Fidgety PM delays polls, doles out cash



As the curtain falls on the Budget 2013 speech, it is almost certain that Prime Minister Najib Abdul Razak has decided to call for polls next year, possibly around March.

Despite tabling yet another deficit budget, the Najib administration also announced a slew of cash handouts for BN's biggest potential market - the lower-income group - that will most likely be disbursed before calling for polls.

NONEThe largest recipients of these handouts are in the form of Bantuan Rakyat 1Malaysia, dubbed BR1M 2.0, an obvious cheeky dig at the Bersih 2.0 coalition.

Households with a combined income of RM3,000 and below would be eligible for a RM500 handout. Unmarried individuals 21 years and above earning RM2,000 and below would be eligible for a RM250 handout.

About 224,000 army veterans who have served 21 years or more will also be eligible for a one-off RM1,000 cash handout, while 55,000 fishermen will be eligible for a RM200 monthly allowance.

Parents will also be allowed to again claim RM100 for each schoolchildren, estimated at 5.4 million pupils, while an estimated 1.3 million pre-university and university students will be able to apply for a RM250 book voucher.

BR1M 2.0 will take time

But as shown during the first phase of BR1M early this year, this process takes time. The first phase of BR1M, including appeals, took until March to complete.

Najib must call for polls by April 28 or else Parliament would be dissolved automatically, and thereafter the Election Commission will have the power to set an election date within 60 days.

NONEThis means that the best window for Najib to call for polls would be around March, when a large number of the electorate are still euphoric from claiming their handouts and should still be in the Chinese New Year mood.

Although the ethics of cash handouts would be questioned, BR1M 2.0 will serve as an important platform for BN because as shown during the first phase, local BN coordinators can abuse the application process for campaigning.

Apart from a one-percent reduction in income tax for those with a taxable income of below RM50,000, it does not look like the budget is designed to please the 1.4 million taxpayers and urbanites with little change to the tax relief and rebate structure.

Urban poor problems
Najib's speech did include an extensive explanation on how the budget would help make housing affordable for first-time buyers in the Klang Valley - cynically dubbed the "new urban poor" by some.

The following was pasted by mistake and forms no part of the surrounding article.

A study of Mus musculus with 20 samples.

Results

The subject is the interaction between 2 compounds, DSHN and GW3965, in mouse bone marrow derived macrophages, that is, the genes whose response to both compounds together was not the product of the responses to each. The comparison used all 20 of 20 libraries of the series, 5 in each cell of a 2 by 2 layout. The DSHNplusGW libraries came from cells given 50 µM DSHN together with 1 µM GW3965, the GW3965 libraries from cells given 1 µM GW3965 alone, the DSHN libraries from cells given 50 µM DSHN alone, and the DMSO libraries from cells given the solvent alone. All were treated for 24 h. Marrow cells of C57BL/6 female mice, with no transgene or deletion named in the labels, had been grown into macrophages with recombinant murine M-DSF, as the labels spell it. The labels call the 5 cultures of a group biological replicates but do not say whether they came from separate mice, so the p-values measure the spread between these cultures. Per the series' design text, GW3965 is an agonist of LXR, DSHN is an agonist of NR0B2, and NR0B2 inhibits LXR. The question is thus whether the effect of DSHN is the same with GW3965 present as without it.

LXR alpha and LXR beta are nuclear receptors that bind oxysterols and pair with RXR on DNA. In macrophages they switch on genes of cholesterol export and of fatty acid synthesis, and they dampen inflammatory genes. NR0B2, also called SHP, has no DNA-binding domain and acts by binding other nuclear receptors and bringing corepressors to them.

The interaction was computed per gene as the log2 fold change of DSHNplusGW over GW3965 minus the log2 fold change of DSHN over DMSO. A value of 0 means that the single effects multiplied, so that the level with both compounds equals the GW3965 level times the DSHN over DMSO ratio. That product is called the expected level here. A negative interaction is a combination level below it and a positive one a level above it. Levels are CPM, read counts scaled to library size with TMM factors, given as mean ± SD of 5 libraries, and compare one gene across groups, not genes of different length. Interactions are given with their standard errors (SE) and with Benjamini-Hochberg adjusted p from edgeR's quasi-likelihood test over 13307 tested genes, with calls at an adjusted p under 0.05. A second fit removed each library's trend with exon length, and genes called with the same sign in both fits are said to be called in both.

NONEThe Perumahan Rakyat 1Malaysia (PR1MA) scheme, announced at the last budget and which appears stillborn, is mentioned again this year, while the cap on the poorly received My First Home Scheme is increased.

Real property gains tax (RPGT) was also increased but it will take time for the market to find a new equilibrium and is unlikely to cool down the housing market before polls need to be called.

The 123,000 affordable housing units which the government intends to build, some as far as Seremban, will also take time to launch.

Other pressing urban problems such as improving public transportation are not addressed in the budget, although there are provisions for a 50-percent discount for low-income groups and senior citizens riding the KTM Komuter.

Ignoring the urban vote does not come as a surprise as these voters generally vote against the ruling party.

One-upmanship

Although the masses will likely cheer at Najib's slew of goodies, the discerning few would notice that the premier's opening and closing remarks give away his motives and even his weaknesses.

Najib's opening bragged about how BN had kept its promises for 55 years, forming 12 successive governments - a testament of the public's approval of the ruling coalition's performance.

NONEHe then capped off his two-hour speech by taking potshots at opposition leader Anwar Ibrahim, mocking him, as absurdly as it sounds, for failing to implement Pakatan Rakyat's policies when he was deputy premier.

For Najib, his budget speech was not so much aimed at the difficult task of reforming the nation's economy and charting a new path for the future, but a dangerous game of one-upmanship in the popularity stakes.

Over the past four years, BN's biggest worry is that Pakatan had shown that it can manage four states reasonably well and providing the electorate a credible alternative.

Unlike his previous budget speeches, Najib today did not seem to exude the same confidence seen when announcing grandiose projects such as the 100-storey mega tower - world's third tallest - nor the multi-billion MRT project.

Instead, Najib seemed to draw comfort in doling out goodies to shore up his support, and not so much his vision. After all, what good is vision if he ends up sitting on the opposition bench.


ANDREW ONG has been part of the Malaysiakini news desk for seven years.